The Shakespeare Conference: SHK 16.1909 Saturday, 19 November 2005
From: Robert Projansky <
Date: Friday, 18 Nov 2005 02:54:53 -0800
Subject: 16.1898 Patrick Tucker Workshop at Tufts
Comment: Re: SHK 16.1898 Patrick Tucker Workshop at Tufts
Don Weingust writes:
>The Tufts University Department of Drama & Dance will be sponsoring
>a free Shakespearean acting workshop with Patrick Tucker, this Saturday,
>November 19th, from 2-5pm, in the Balch Arena Theatre on the Tufts
>University (Medford) campus.
If you are an actor (or any SHAKSPERian interested in Shakespearean
verse and stage technique) within reach of the Balch Arena Theatre on
the Tufts University (Medford) campus, I urge you to do whatever it
takes to get to the Patrick Tucker workshop on Saturday.
Patrick Tucker's text-based systematic approach for preparing verse
performance is the complete toolbox for acting Shakespeare, and I don't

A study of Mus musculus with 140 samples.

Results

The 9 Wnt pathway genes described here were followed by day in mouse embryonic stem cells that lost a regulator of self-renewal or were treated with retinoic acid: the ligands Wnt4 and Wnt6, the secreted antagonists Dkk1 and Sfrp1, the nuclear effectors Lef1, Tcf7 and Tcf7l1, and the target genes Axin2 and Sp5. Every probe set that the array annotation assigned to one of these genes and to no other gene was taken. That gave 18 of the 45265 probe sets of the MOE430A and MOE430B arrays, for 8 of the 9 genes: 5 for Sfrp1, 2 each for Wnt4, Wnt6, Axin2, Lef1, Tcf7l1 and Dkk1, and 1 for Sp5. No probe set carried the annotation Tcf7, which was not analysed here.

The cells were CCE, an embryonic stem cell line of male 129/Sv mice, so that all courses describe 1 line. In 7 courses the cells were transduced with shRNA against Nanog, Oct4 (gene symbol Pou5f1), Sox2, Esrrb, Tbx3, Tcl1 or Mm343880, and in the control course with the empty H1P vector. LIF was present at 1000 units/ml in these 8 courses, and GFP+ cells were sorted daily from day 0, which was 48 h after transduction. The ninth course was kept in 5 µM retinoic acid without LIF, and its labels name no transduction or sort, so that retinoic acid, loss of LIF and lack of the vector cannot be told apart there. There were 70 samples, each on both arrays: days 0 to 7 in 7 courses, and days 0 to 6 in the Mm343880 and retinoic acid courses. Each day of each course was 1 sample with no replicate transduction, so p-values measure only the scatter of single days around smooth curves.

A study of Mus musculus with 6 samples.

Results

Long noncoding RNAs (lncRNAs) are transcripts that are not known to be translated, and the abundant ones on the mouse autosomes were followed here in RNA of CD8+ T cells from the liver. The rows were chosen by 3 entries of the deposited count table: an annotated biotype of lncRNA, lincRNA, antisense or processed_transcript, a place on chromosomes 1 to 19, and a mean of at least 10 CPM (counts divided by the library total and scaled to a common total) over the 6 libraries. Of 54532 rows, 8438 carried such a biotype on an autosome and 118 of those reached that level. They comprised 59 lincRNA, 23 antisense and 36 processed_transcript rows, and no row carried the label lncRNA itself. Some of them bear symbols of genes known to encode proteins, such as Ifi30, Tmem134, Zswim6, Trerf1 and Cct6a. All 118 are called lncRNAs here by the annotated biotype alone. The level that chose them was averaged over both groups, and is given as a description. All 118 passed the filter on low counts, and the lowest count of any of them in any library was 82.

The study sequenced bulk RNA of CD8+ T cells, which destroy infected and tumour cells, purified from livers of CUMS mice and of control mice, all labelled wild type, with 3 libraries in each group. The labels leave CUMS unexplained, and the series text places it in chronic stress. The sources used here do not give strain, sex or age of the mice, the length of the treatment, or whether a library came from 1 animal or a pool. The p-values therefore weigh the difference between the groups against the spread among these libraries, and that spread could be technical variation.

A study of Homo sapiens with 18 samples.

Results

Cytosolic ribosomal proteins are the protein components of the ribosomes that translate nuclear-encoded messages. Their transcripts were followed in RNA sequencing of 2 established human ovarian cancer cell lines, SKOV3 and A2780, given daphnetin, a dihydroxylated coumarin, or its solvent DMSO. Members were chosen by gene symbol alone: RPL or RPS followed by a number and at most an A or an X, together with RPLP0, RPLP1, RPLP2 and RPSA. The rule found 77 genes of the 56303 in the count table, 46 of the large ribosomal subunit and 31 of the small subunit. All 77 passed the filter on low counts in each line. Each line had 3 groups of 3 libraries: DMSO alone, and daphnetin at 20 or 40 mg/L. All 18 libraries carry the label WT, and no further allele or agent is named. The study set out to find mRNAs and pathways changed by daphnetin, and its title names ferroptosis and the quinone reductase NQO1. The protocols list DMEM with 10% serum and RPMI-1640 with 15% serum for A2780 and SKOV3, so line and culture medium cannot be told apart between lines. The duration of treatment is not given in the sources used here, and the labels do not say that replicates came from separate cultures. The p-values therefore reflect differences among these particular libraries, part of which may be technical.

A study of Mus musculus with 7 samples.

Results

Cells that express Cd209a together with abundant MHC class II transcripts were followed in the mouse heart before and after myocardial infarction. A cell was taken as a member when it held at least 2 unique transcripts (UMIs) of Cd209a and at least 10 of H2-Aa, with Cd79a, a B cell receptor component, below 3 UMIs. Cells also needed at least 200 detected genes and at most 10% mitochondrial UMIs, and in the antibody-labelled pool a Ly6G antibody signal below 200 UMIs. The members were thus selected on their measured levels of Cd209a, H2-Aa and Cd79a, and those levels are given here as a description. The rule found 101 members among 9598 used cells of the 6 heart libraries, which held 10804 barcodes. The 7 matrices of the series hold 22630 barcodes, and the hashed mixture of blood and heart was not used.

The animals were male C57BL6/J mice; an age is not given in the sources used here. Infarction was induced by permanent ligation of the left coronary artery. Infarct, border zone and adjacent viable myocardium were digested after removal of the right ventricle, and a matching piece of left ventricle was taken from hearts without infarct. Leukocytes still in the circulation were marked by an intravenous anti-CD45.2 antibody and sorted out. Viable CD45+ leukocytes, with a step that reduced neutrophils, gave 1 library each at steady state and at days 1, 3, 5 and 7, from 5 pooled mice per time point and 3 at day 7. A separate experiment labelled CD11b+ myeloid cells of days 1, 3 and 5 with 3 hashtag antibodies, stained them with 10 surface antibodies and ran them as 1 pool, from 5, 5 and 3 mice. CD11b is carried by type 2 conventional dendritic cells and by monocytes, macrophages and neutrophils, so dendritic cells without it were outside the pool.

believe you will find anything better in the English-speaking world. He
shows that Shakespeare has given you everything you need right there in
the text -- Shakespeare directing you in almost every line he wrote --
and PT teaches you, simply and systematically, how to mine it -- some of
it real treasure buried in plain sight -- for the stage. Adopting PT's
approach to the verse will make your performance smarter and more
satisfying for you and your audience. He's also a very engaging teacher
and a lot of fun, and he lives and works on the other side of an ocean,
so if you can you should grab this rare (and free!) chance to see and
hear him do his stuff. For non-actors it's a chance to learn from a
really brilliant teacher how Shakespeare should be played.
I know from the archives that Patrick Tucker has come in for
considerable scorn in SHAKSPER both for his theories about how
Elizabethan players prepared for performance and for his notion that
performing Shakespeare unrehearsed, from cue-scripts, is a great idea
for today's stage. Never mind that. Regardless of whether or not those
ideas have merit, his verse technique is as good as it gets.
Warning: exposure to Patrick Tucker's verse technique will probably make
you much less satisfied with what you hear performed out in the world by
most non-Tucker-trained performers, some of them highly-acclaimed
Shakespearean actors. Worse, you may find yourself deploring the general
state of Shakespearean verse technique pretty much everywhere you hear it.